Are you trying square foot gardening, but feeling overwhelmed by all the information about composting? If you look up composting on the Internet, you will find the typically DELUGE of information. In the midst of that information, there will be a lot of rules. After reading for about thirty minutes, you may start to think “Wow, who would have guessed that throwing my old food in a pile was so complicated?”
Composting does not have to be hard, especially if you just ignore all the annoying rules and do what I do.
Here is what you can include, but no pressure.
1. Food scraps from fruit and veggies and coffee (No meat, oils, or dairy. Eggshells are okay.)
2. Yard scraps that aren’t too huge.
3. Paper scraps that aren’t dyed
6. Manure from vegetarian animals (not cat or dog)
7. Sun/ Heat
Ideally, you want a moist, warm environment where a balance of non-smelly things can break down into a rich dense organic soil. If you have too much of any one component (ie: newspaper), your compost won’t have the best consistency. The fuller that we can keep the bin, the better. Whatever is in the “middle” is decomposing faster, so the bigger the “middle” is, the more compost you get. Does that make sense?
BUT, no matter what you do, don’t worry . . . because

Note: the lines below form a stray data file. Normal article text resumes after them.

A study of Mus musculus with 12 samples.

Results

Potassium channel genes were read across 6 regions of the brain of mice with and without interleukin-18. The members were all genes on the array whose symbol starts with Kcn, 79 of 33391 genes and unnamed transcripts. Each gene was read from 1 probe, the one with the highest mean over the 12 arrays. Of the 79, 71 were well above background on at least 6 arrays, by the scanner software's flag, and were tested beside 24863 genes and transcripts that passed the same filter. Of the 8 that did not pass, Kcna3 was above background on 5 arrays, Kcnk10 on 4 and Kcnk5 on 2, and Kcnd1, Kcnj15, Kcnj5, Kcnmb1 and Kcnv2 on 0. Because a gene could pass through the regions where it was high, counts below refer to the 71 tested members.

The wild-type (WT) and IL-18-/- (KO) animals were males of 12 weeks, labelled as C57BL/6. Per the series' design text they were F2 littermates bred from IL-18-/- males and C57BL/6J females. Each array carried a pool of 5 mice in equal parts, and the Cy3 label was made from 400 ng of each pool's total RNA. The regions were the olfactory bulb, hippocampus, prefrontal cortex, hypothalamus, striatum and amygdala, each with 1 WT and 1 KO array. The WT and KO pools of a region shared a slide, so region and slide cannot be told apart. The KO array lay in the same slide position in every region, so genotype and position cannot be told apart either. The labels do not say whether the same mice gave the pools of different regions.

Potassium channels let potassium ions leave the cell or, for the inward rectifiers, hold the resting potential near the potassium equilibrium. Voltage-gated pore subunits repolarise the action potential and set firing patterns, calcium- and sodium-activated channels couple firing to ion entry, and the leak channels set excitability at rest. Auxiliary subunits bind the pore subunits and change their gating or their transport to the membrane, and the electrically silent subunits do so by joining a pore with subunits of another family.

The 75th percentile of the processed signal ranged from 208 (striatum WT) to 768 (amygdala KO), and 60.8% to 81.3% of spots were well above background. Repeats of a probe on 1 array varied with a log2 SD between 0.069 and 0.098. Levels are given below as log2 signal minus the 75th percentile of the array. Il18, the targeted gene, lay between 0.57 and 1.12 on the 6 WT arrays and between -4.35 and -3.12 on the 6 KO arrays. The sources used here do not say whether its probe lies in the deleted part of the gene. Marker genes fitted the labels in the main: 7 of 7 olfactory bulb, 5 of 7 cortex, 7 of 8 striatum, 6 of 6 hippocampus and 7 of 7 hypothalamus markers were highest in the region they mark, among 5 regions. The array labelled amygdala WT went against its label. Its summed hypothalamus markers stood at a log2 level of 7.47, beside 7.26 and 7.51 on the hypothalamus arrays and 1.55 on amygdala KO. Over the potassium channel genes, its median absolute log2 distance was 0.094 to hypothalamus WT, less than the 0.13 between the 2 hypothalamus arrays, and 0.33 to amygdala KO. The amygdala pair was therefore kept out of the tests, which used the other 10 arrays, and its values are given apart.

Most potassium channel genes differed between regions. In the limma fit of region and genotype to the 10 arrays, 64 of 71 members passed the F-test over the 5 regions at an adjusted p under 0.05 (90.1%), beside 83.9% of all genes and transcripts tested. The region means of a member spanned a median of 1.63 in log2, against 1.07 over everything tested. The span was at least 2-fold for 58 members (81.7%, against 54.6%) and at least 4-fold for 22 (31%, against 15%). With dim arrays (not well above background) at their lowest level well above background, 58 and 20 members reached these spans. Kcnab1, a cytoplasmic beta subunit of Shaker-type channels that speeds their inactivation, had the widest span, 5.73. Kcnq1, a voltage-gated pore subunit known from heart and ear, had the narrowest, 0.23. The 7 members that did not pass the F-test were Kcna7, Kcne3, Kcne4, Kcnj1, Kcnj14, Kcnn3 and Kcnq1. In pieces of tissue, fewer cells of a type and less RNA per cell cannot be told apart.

Here are some rules that are good to follow, but which I generally ignore.
1. Don’t allow food seeds to go into the compost because they could reseed. (This is too annoying to bother with. I just dump all my scraps, including the insides of the canteloupe. Sometimes the seeds to sprout in my garden, so I either weed them out or let them grow!)
2. Crush eggshells or chop veggies really small so they break down faster. (I inconsistently do this. Usually, they go into the bucket whatever size they were on my cutting board.)
3. Stir the compost often to include air and make sure that the materials are breaking down evenly. (I stir when I remember or care or want to exercise my biceps.)
4. Keep a balance of materials like grass clippings, coffee grounds, manure, and food scraps. (I abandoned the use of the word “balance” years ago. I do the best I can. If it looks like there is too much of any one thing, I throw in a handful of straw from an old bail of hay. Until yesterday, I had never added manure because we didn’t have any. Then my neighbor brought me a load of horse crap! Imagine my delight. :))
The Providinator built our compost bin with open slats so that it gets lots of air and doesn’t become smelly. Because it isn’t a barrel or turnable kind, it is best if we stir it.
He made the bottom with a removable piece so we can take the “finished” compost out the bottom.
SO, in spite of ignoring some of the “rules” and just throwing it all into a big bin, we have still turned out some pretty decent compost. The best thing about our compost bin and system is that it is totally, poorganically FREE. I did not spend one penny on it. I also feel better about throwing away food that has gone bad because I know it is going to a good purpose.
When the compost that comes out the bottom is nice and black and rich (jokes not necessary), stir it into the soil in your garden. It is the best “fertilizer”!
How do you compost? What rules do you ignore?